The country’s president Nayib Bukkele announced on his Twitter that the government has purchased an additional 150 BTC, bringing up their reserve to a total of 700 BTC. 

President Bukele has adopted quite an aggressive Bitcoin policy and has been purchasing them whenever the price drops. With the rollout of the Chivo wallet app following the BTC legalization, the country had bought 550 BTC in multiple buying sprees. The latest addition of 150 BTC takes their total bitcoin fund to 700. 

Rocky Start For Chivo Wallet

The Chivo Wallet is an app that Salvadorans can download to smoothly transact in BTC, including sending remittances home from abroad. The implementation of the app and the complementary ATMs had a somewhat rocky beginning due to technical difficulties when it crashed, followed by BTC dipping 17%. However, the president announced soon after that the technical issues had been remedied, and the app was back in action again. The president also declared soon after that the Chivo wallet has more than half a million users, with more and more businesses in El Salvador accepting BTC payments every day.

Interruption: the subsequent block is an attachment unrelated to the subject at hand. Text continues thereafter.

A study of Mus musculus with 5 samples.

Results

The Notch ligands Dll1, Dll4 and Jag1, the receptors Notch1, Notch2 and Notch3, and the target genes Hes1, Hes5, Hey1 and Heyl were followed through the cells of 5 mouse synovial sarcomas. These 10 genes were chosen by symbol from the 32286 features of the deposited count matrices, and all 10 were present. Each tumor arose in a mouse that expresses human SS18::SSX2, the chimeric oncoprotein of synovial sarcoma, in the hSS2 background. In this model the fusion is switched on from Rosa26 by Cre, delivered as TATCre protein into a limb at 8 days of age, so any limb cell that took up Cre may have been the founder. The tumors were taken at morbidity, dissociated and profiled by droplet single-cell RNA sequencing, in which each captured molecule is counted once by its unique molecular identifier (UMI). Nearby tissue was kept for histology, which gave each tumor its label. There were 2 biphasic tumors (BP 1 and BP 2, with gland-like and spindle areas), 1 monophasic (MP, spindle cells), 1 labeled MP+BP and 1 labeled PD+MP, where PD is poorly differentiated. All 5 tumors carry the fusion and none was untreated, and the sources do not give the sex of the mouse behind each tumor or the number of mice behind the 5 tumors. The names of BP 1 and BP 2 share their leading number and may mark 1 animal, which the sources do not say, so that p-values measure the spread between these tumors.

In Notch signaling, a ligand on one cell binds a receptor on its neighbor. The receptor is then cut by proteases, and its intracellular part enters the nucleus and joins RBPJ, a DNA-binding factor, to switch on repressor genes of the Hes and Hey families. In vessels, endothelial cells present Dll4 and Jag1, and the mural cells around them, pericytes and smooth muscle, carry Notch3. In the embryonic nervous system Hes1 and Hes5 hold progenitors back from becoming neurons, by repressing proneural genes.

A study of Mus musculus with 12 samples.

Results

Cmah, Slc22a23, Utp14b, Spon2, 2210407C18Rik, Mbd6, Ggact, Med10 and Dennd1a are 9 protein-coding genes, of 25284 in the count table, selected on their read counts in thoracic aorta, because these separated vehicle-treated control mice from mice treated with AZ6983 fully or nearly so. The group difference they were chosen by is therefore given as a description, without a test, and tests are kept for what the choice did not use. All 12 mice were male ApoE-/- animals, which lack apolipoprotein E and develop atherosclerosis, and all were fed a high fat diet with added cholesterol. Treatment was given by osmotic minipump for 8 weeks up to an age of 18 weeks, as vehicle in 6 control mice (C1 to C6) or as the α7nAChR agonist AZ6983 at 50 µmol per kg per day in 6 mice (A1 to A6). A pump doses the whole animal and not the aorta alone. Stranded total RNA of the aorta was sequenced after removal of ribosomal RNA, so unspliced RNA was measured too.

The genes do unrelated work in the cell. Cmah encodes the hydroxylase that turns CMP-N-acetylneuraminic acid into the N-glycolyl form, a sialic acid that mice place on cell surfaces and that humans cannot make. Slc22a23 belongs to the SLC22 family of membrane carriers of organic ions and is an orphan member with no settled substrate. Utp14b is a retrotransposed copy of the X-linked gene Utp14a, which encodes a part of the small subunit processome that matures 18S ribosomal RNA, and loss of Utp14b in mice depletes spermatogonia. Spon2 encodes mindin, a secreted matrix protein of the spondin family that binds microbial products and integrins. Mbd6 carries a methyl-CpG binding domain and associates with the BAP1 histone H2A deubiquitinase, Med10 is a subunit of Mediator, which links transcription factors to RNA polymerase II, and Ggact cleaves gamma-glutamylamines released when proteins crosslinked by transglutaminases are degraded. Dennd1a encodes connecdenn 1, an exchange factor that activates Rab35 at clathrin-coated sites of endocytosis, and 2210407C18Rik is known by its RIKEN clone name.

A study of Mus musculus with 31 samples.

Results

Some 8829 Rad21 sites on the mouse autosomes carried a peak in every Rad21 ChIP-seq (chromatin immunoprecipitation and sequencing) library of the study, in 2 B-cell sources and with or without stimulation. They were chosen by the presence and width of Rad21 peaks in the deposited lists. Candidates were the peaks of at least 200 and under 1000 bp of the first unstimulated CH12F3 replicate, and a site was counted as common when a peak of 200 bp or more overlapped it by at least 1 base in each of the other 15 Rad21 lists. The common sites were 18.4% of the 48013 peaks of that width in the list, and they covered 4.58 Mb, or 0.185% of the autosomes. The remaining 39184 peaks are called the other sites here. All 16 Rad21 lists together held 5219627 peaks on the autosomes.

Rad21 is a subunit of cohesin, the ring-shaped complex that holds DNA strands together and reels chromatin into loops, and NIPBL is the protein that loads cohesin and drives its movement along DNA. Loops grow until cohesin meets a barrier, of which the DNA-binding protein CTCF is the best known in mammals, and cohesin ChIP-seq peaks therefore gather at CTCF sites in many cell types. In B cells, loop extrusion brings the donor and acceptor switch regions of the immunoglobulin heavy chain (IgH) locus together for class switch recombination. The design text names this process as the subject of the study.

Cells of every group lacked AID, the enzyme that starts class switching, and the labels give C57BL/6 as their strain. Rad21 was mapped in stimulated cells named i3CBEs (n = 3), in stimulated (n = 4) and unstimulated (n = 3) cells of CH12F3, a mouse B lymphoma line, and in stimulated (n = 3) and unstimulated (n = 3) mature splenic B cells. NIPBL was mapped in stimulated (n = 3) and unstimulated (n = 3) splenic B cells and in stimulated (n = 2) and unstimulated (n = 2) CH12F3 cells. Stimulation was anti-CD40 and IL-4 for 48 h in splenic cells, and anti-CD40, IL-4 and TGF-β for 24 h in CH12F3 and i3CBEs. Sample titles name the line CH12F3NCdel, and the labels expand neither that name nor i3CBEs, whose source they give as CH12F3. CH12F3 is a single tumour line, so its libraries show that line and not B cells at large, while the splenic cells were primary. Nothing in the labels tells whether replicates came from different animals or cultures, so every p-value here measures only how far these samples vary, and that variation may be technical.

Scrutiny Over Public Resource Spending

Over 200 ATMs were installed across the country to support the Chivo app and enable easy BTC to dollar conversion and round-the-clock cash withdrawals. However, on September 10, just a few days after the launch of the app and the ATMs, regional human rights and transparency organization, Cristosal, appealed to the Court of Accounts to investigate the construction process for the Chivo ATM booths, which were funded by public resources. Furthermore, the organization also lodged a complaint with the public resources watchdog to audit the authorization processes behind the President’s decision to buy 550 BTC. 

Save Commissions, Gain Financial Independence 

In related news, the BTC adoption of El Salvador is being predicted to spell trouble for money service providers like Western Union and MoneyGram, who, according to financial analyst Willy Woo, “have been responsible for clipping 1.5% of El Salvador’s GDP through their remittance fees on the poor.”

Remittances sent home by Salvadoreans living abroad account for a $6 billion industry, almost 23% of the country’s GDP. It has been the government’s intention to provide more economic democracy to the previously unbanked population of El Salvador. 

CNBC’s MacKenzie Sigalos, who has investigated the El Salvador remittance industry, claimed that the new Chivo Wallet could save around $400 million a year in commissions paid to the larger financial institutions.

Disclaimer: This article is provided for informational purposes only. It is not offered or intended to be used as legal, tax, investment, financial, or other advice.